Astrophiz 90: Sophia Nasr – Self Interacting Dark Matter


Astrophiz 90: Sophia Nasr – Self Interacting Dark Matter and Galaxy Clusters
This episode’s featured guest is Sophia Nasr, who is a fabulous  graduate physics student at University of California, Irvine who is working on her PhD in cosmology and astroparticle theory with a focus on researching Self-Interacting Dark Matter. She brilliantly explains all forms of dark matter research and her passion for cosmology, equity, diversity and outreach.

In the sky:

Observation notes for September include Saturn, Jupiter, the Moon and Uranus.

For those who enjoy watching Live Rocket launches on the internet put September 25 at 1357GMT into your calendar to watch a Soyuz rocket at the Baikonur Cosmodrome in Kazakhstan launch to take

the crewed Soyuz MS-15 spacecraft to the International Space Station with members of the next Expedition crew. The capsule will remain at the station for about six months, providing an escape pod for the residents. 

For citizen scientists there is a nice opportunity to participate in the Globe at Night dark sky project, which is concerned with light pollution.

For those in the Northern hemisphere you’ll be asked to report on what you can observe in the constellation Cygnus between Sept 20 and 29 and for Southern Hemisphere citizen scientists you be asked to report on what you can observe in the constellation Sagittarius on the same date range.

To contribute to this worthwhile project, Northern observers can go to tinyurl.comFORWARDSLASHdarkskynorth

And Southern observers can go to tinyurl.comFORWARDSLASHdarkskysouth

And they are both all lowercase, all one word.

In the News. 

First up it looks like we have an amazing new interstellar visitor, Congratulations to Gennady Borisov, for his discovery of comet C/2019 Q4 (Borisov). The first interstellar comet ever found and a truly skybreaking discovery!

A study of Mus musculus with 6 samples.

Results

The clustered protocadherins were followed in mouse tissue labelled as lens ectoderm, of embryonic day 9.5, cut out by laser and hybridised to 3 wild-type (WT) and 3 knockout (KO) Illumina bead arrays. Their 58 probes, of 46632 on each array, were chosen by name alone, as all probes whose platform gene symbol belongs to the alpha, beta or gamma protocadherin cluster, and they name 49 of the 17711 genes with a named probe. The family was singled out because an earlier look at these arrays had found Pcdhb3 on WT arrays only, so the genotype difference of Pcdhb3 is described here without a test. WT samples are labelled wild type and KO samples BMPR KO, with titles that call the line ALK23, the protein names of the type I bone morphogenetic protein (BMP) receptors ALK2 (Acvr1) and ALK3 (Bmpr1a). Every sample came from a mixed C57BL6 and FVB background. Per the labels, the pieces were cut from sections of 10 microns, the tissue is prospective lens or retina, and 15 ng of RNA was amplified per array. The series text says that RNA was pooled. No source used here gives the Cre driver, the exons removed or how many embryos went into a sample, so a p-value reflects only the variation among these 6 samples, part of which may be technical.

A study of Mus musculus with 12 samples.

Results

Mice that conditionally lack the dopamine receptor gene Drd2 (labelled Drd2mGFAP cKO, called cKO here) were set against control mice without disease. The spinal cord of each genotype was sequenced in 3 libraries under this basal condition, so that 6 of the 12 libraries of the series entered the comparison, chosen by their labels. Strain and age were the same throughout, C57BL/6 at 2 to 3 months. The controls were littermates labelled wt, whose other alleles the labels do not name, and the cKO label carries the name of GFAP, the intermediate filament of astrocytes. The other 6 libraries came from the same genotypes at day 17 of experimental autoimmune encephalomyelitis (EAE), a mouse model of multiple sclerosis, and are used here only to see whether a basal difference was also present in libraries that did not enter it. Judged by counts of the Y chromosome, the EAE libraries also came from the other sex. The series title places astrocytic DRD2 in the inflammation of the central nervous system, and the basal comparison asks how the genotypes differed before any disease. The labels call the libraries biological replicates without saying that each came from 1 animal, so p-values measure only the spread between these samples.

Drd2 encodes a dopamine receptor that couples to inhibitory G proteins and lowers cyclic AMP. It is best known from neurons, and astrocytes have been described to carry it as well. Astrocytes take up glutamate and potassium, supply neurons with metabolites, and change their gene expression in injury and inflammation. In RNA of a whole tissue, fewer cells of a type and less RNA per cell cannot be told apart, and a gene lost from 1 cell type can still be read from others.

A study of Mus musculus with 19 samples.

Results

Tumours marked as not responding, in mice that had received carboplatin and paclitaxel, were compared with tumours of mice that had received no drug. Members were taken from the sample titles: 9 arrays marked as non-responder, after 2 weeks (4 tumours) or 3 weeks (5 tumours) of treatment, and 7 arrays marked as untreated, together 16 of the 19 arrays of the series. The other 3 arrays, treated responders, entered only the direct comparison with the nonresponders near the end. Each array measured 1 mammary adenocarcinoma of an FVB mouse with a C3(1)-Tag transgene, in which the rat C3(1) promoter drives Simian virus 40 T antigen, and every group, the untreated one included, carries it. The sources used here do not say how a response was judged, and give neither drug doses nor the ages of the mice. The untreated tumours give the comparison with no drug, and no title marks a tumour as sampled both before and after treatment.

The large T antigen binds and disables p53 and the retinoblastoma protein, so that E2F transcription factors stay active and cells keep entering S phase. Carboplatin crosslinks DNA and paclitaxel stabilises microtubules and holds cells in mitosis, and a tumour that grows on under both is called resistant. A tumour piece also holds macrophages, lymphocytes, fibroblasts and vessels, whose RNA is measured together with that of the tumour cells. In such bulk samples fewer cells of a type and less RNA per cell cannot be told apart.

The Minor Planet Center has published the official announcement.

Reports have also just come in today that water has been detected on a distant exoplanet. The reporting on this discovery is all over the Internet and all over the place in terms of accuracy. No, it’s not an earth-like planet. It doesn’t have water ‘on’ it because it’s most likely a Neptune-like planet with no actual surface, and you wouldn’t survive long enough if you were there to develop any habits. it’s becoming clearer and clearer that terms like ‘habitable’ and ‘goldilocks zone’ aren’t really effective tools for accurately communicating science to the public audiences. If you want to get the lowdown on habitability and exoplanets, you couldn’t do better than to follow Prof Jonti Horner and Dr Elizabeth Tasker on Twitter, or hear from them directly by checking out their episodes at AstrophizDOTcom

It was also sad to hear that ISROs moon landing has run into problems but our fingers are crossed for them and other news from the moon is that the Chinese Rover has detected some strange gel-like substance in a crater.

Next from  the Xinhua news agency in China a discovery that may help unravel the long standing mystery of FRBs 

Chinese astronomers have detected over 100 repeated fast radio bursts (FRB) – These particular FRBs are mysterious signals believed to be from a source about 3 billion light years from Earth.